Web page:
London’s reputation for transport innovation has been further enhanced with the confirmation that Transport for London (TfL) will accept Apple Pay when it launches in the UK next month. TfL was the first public transport provider to accept contactless payment cards from banks and will continue this pioneering approach by becoming the first to accept Apple Pay. Apple Pay is a mobile payment service that lets certain Apple mobile devices make payments connected to bank details securely saved upon them. Available in the USA since October 2014, and launching in the UK in July, as it is built on existing Near Field Communication (NFC) technology, Apple Pay will work anywhere that NFC-based contactless payments are accepted. So can easily take advantage of the existing card reading technology.
This will open up Apple Pay to a large metropolitan user-base already familiar with contactless payments. Public transport has potential beyond this – if a bank card can be securely saved and used through a smartphone, how long before the same opportunity is given for a travel card allowing people to tap their phones at the turnstiles for easy access?
Is this another step towards the end of the physical travel card? TfL developed the contactless technology needed to travel on its services in-house and is leading the way with over 100 million contactless journeys made on its tube and rail services since it launched in September 2014, having launched on London’s buses in December 2012. One in ten contactless transactions in the UK are made on TfL's network, making TfL one of the largest contactless merchants worldwide and over four million unique credit or debit cards have been used on TfL services so far. More than 1.2 million contactless transactions are made each day on TfL services - representing 17 per cent of pay as you go journeys. This high level of take up continues to drive the use of contactless elsewhere in the retail, food and leisure industry.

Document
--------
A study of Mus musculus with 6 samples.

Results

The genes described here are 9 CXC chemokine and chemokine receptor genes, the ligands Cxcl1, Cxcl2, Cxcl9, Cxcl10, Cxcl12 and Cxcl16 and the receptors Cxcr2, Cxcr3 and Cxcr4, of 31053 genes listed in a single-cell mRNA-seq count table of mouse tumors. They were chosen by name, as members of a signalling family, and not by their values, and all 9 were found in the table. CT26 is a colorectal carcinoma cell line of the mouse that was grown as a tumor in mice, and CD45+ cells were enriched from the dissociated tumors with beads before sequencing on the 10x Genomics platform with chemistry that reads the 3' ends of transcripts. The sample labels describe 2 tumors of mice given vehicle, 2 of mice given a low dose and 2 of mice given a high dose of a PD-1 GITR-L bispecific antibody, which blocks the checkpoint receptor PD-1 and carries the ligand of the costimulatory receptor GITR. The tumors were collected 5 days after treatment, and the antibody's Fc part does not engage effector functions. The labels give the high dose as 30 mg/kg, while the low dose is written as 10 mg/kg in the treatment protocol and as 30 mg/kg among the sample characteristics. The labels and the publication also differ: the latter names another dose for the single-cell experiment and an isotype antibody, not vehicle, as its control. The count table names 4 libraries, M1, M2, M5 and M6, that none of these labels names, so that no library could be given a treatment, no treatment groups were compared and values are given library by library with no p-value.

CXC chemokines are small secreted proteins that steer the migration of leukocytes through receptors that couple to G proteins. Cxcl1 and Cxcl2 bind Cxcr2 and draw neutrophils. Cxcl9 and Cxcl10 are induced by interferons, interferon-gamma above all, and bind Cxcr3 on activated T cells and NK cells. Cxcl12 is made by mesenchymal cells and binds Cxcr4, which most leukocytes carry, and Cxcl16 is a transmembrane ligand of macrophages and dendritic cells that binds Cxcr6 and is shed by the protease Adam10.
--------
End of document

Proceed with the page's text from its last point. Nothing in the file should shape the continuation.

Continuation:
TfL's Director of Customer Experience, Shashi Verma, said at the announcement: “With around one in ten of all contactless transactions in the UK now taking place on our transport services in London, we are delighted to welcome Apple Pay as another new and convenient contactless way for our customers to pay for their travel. I would encourage anyone who uses pay as you go to try contactless. There's no need to top-up, just touch in and out with your mobile device, credit or debit card.”
Customers using contactless pay the same adult-rate pay as you go fare as Oyster and benefit from having their fares capped - this automatically calculates the best value for their contactless travel in a day or over a seven-day period from Monday to Sunday. The top five London Underground stations for contactless payments are Oxford Circus, Kings Cross, London Bridge, Liverpool Street and Canary Wharf.
A recent study forecast that global ticket purchases via mobile and desktop devices including smartphones, tablets and PCs will reach 32bn by 2019, up from an estimated 16.2bn this year. This represents a two-fold growth over the next 4 years.